Behind the surge in lamb carcase exports
08 August 2016
Since 2012-13, Australia has exported more lamb carcases than ever before.
Over these last four years, lamb carcase shipments have averaged close to 50,000 tonnes shipped weight (swt) each financial year – a huge jump from the average of 14,400 tonnes swt for the 15 years prior (Department of Agriculture and Water Resources).
Looking at it a different way, converted to the number of 16kg carcase weight lambs this would be, there has been a jump from 0.9 million, to 3.13 million lambs dedicated to the carcase trade.
So, why has the lamb carcase trade been so strong?
There was significant growth in 2012-13 at the time of Australia’s suspension of live sheep exports to Bahrain (August 2012). In the five fiscal years prior to 2012-13, Australia was shipping in excess of 500,000 head of live sheep to Bahrain each year (ABS). When the live trade was suspended, the market turned to lamb carcase exports – which were virtually non-existent in 2011-12 (105 tonnes swt), but jumped to 9,577 tonnes swt in 2012-13. Following this catalyst, carcase exports remained historically high for the next two years (13,253 tonnes swt in 2013-14 and 9,332 tonnes swt in 2014-15), before shipments dropped 59% year-on-year (to 3,859 tonnes swt in 2015-16) due to the Bahrain government’s decision to remove subsidies on imported Australian sheepmeat and live sheep.
Australia’s total lamb carcase exports to the Middle East remain robust though and in 2015-16 accounted for 47,227 tonnes swt of the total 51,384 tonnes swt exported.
The largest lamb carcase markets in the Middle East are now Qatar (14,815 tonnes swt), the UAE (13,077 tonnes swt) and Jordan (10,197 tonnes swt), where volumes increased 23%, 15% and 2% year-on-year, respectively.
The Qatar trade for chilled whole carcase is underpinned by government subsidies that apply to the whole carcase but not to vacuum chilled primals. Although there have been significant increases in whole carcase, there have been decreases in whole leg and shoulder, which some of this carcase trade has replaced. The whole carcase trade services all segments of the market including food service, mainly in the traditional catering and restaurant segment. There have also been considerable increases in the higher valued cuts, such as rack, rump, boneless loin and shortloin, as well as shank – which is a great indication that the higher end food service market is developing. This correlates with the development of more 4 and 5 star hotels and higher end dining.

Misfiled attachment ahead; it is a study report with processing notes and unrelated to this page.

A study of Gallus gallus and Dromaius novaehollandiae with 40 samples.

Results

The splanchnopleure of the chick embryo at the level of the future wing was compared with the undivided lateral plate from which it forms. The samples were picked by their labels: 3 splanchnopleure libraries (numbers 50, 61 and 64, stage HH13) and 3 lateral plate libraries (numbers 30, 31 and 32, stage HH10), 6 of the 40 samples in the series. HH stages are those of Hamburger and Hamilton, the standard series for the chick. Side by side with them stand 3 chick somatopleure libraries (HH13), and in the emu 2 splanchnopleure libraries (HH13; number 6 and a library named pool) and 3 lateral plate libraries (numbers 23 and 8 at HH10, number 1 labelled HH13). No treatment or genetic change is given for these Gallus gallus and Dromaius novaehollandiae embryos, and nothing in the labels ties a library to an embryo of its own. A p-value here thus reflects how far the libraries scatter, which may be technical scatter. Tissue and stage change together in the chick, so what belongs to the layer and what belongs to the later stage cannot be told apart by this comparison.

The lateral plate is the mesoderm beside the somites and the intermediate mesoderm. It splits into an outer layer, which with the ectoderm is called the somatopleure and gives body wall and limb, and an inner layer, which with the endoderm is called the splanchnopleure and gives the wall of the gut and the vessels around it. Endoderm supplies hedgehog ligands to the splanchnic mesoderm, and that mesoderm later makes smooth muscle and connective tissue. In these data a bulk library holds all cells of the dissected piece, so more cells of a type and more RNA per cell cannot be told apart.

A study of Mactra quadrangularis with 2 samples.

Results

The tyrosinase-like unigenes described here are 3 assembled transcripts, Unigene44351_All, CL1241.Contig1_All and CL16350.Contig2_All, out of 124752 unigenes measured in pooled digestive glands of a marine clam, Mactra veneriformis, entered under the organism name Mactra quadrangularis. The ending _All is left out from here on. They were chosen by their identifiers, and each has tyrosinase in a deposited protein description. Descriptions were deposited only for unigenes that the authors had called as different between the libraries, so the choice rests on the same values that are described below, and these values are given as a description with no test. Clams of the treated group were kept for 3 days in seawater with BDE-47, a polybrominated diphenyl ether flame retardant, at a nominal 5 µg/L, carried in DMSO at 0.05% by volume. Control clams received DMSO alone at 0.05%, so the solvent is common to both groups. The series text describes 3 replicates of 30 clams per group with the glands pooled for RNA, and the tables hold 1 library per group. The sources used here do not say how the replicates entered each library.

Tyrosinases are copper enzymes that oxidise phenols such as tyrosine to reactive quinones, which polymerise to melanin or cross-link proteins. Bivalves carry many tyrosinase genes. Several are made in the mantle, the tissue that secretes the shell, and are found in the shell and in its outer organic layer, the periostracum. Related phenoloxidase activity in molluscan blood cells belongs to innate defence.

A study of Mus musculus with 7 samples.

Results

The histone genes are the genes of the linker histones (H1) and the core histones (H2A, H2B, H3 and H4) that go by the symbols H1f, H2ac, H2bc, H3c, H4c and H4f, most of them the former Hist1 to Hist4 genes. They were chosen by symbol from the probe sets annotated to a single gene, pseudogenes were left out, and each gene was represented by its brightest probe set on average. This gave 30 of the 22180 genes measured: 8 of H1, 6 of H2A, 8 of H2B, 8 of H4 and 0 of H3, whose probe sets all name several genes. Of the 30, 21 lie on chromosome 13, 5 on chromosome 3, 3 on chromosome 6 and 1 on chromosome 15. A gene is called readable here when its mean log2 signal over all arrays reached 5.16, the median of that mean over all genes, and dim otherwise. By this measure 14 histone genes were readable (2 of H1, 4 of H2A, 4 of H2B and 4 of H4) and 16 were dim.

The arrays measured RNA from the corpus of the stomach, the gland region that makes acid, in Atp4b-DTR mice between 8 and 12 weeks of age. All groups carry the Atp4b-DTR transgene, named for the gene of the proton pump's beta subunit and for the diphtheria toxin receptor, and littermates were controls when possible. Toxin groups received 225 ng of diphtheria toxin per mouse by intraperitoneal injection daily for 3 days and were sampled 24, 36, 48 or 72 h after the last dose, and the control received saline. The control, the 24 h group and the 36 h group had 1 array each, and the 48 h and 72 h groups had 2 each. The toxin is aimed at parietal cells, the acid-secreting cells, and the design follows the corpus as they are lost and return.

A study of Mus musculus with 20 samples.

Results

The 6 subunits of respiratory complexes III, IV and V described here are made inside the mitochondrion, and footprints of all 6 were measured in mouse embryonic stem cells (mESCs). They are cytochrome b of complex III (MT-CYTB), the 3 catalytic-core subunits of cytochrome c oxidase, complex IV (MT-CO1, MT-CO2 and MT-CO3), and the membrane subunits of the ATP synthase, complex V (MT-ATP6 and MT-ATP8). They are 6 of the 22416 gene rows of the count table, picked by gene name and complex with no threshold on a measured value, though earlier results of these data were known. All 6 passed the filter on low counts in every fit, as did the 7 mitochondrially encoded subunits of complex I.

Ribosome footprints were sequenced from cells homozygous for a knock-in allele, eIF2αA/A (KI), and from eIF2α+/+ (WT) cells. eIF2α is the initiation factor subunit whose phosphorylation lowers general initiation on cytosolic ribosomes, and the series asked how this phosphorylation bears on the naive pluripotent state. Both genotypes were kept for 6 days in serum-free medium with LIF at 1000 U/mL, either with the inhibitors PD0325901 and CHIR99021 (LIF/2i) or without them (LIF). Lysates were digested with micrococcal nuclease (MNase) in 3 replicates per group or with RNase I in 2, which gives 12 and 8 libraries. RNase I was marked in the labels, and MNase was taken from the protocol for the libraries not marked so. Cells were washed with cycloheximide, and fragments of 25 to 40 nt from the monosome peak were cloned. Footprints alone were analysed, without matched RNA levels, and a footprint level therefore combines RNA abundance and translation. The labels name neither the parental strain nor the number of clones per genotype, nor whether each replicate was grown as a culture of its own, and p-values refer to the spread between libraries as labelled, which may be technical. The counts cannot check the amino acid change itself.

Similarly in the UAE, there has been strong growth in rack, boneless loin and rump, as lamb works its way into more affluent dining facilities, but the carcase trade is where there has been the biggest growth. This product goes into all segments of the market and would be more an indication of urbanisation and the development of the retail sector over many years. There has also been a shift from mutton to lamb in this market, which we can see in the slower mutton trade. The UAE is the most developed market in terms of purchasing and cooking methods, and the greatest cross section of ethnic backgrounds that have a preference for fresh lamb.
The majority of carcases destined for the Middle East in 2015-16 were loaded in Victoria (34,554 tonnes swt), followed by WA (8,731 tonnes swt) and NSW (3,881 tonnes swt). The bulk of this trade is in chilled product, which is airfreighted to destinations across the Middle East daily.
The other two main markets for Australian lamb carcases, albeit considerably smaller volumes than the Middle East, are the US and Malaysia.
Lamb carcase volumes to the US were down 26% in 2015-16, to 1,951 tonnes swt, although this was not a reflection of a slow-down in trade to the US – in fact, total lamb exports to the US recorded 12% year-on-year growth in 2015-16, to 53,757 tonnes swt. Largely offsetting the declines in carcase, shoulder, rack and shortloin volumes in 2015-16, was an 82% jump in ‘assorted cuts’ and a 20% increase in shanks during the fiscal year. Lamb carcases destined for the US were primarily shipped from Victoria (1,653 tonnes swt) in 2015-16, with most of the remainder loaded in WA (288 tonnes swt).
Malaysia is a growing market for Australian lamb carcases, with volumes in 2015-16 reaching 1,153 tonnes swt – up 9% on year-ago levels and up 47% on the five-year average. Victoria was the main state of loading for lamb carcases to Malaysia, at 1,039 tonnes swt for the year.
Since 2012-13, lamb carcases have consistently accounted for 21-22% of total Australian lamb exports, compared with the 15 years before then, when the proportion averaged only 11%. It seems carcases have emerged as a fairly significant and stable portion of the Australian lamb export cut composition, meeting specifications and cultural requirements of customers around the world.